The new chief executive officer of the National FFA Organization and the National FFA Foundation says he has been preparing for this position his entire life, even though he didn’t know it.
“Sometimes we get on a path. And now I’m ready to step into that role. And so that’s why I said yes,” said Scott Stump, who on Wednesday was named CEO of the Indianapolis-based youth organization.
The move comes five months after former CEO Mark Poeschl abruptly resigned in January and the organization launched a national search.
It is a homecoming literally and figuratively for Stump who previously served the organization for ten years, managing the national officer team and the National FFA Convention & Expo in the 1990s.
“It is with great anticipation that I return to National FFA in this leadership role,” said Stump. “And it’s time for us to be excited about the opportunities for growth over the next decade.”
Stump grew up on a small farm in LaGrange County where he spent his formative years. His father was an agriculture teacher and FFA Advisor for 37 years, which helped steer Stump towards his fondness of ag education.
“He was the consummate ag educator,” said Stump.
Stump earned his undergraduate degree from Purdue University. Following graduation, he was an agricultural teacher in the Wabash County town of North Manchester for two years before joining the FFA.
Following a restructuring of the organization, Stump took a career path in the nonprofit world, but remain connected to agricultural and technical career education.
From 2007 through 2014, Stump served as the assistant provost and state director for career and technical education with the Colorado Community College System.
Most recently he served as the assistant secretary of career, technical and adult education for the U.S. Department of Education in the Trump Administration.
“The opportunity to select Scott Stump as the new CEO is exciting for the National FFA Board of Directors. Scott is a leader with credibility, vision and passion for the agricultural education profession,” said National FFA Advisor and Board of Directors Chair Dr. James Woodard.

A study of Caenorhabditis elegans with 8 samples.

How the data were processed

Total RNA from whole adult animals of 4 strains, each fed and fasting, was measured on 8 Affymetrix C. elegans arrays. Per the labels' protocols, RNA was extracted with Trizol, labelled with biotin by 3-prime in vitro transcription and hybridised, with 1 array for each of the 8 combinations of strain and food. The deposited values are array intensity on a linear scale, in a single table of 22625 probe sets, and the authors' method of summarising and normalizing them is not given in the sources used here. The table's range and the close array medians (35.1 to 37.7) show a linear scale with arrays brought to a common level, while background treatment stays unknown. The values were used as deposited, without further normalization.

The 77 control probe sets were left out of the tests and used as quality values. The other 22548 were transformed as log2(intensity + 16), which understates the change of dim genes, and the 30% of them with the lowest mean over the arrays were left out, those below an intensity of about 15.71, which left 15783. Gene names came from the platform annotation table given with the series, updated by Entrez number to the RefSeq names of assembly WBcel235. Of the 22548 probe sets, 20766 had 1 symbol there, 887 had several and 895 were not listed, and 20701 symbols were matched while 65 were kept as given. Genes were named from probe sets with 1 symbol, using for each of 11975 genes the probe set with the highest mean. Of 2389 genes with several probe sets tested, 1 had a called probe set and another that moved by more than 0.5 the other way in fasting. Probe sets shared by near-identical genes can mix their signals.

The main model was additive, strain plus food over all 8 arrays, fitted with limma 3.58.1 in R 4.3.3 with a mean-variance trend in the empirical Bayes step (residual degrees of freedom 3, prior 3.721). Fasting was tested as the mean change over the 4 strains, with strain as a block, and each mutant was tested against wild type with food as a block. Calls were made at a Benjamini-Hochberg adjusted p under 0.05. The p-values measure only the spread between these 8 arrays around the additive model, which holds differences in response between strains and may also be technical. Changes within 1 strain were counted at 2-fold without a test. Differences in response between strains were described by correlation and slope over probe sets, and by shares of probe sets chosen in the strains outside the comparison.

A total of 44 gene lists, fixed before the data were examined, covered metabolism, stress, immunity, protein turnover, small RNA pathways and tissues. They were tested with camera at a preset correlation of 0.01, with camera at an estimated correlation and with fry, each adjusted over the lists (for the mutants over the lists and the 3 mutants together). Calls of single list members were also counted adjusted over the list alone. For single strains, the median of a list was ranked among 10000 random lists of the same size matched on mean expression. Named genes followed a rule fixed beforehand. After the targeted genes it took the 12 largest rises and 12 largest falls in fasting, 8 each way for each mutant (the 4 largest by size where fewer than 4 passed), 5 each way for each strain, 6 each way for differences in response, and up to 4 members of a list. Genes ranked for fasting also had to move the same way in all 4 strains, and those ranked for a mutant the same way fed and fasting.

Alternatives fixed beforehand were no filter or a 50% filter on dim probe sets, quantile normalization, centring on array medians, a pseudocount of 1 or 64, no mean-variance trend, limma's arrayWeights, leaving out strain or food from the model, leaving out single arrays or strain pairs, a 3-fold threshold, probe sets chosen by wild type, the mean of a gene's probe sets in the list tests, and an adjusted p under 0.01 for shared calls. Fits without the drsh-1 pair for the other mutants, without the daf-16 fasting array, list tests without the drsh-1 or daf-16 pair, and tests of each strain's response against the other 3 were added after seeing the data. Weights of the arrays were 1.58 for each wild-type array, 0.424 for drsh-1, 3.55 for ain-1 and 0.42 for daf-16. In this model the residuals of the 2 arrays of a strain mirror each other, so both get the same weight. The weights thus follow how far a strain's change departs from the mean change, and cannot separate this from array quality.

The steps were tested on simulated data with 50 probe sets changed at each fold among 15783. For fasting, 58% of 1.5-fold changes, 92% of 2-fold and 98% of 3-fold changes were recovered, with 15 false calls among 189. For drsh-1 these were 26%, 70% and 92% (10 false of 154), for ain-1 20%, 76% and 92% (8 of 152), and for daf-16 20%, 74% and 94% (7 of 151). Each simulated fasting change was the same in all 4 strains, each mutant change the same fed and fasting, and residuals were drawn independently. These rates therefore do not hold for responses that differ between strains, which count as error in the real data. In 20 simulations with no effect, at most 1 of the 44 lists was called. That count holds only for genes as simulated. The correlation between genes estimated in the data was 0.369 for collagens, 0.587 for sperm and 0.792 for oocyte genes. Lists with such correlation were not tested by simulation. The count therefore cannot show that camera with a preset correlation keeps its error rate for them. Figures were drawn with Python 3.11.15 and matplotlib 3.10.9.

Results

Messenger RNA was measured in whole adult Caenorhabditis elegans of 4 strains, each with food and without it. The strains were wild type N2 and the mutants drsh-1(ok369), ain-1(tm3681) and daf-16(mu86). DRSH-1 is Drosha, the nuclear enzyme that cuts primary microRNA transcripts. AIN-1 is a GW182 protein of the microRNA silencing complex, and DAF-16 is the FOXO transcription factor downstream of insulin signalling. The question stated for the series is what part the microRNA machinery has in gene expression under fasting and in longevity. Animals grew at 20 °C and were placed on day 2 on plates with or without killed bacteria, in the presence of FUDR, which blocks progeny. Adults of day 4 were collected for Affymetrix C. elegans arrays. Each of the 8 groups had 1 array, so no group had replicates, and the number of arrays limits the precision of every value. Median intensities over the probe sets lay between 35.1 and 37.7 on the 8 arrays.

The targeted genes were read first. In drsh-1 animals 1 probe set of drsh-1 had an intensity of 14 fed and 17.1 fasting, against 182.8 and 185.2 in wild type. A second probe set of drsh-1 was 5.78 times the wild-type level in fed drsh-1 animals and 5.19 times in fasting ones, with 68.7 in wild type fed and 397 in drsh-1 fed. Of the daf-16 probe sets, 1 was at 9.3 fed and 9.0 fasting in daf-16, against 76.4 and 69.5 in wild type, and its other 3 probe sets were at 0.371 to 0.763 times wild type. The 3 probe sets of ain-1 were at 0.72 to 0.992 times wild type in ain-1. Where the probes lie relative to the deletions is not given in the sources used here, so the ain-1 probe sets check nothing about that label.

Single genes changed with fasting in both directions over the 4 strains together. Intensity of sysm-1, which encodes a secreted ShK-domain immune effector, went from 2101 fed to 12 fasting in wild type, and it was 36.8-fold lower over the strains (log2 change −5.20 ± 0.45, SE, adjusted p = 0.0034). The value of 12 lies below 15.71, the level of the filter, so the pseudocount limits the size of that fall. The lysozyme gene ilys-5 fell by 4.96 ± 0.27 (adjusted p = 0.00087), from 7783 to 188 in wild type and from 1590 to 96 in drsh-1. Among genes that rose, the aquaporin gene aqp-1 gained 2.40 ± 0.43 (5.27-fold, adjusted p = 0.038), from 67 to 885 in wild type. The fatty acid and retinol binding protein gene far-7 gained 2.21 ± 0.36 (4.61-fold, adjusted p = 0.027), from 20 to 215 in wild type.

As he prepares to return to Indiana, Stump remains focused on preparing students in the multi-faceted world of agriculture.
“Beyond the need of preparing those individuals to step into roles to really grow the agricultural economy across states that are still reliant on this industry, we also know that some of our students are going to step into other industries and be advocates for agriculture in different ways. But they still need those same premier leadership, personal growth, and career success skills,” said Stump.
Stump admits It has been a challenging year for the organization with the departure of his predecessor and the COVID-related cancelation of the in-person national convention last fall.
Plus, the organization has been undertaking an organizational governance restructuring for the past year.
“And a part of that is really starting a new strategic planning process to then say, ‘Where are we headed in the next three to five years,’ and clearly articulating the priorities and goals of the board, which really represent all of the major players and stakeholders within our organization,” said Stump.
Stump begins June 21.
In an interview with Inside INdiana Business, Stump explained how the basic values of FFA help prepare students for careers, including those outside of ag.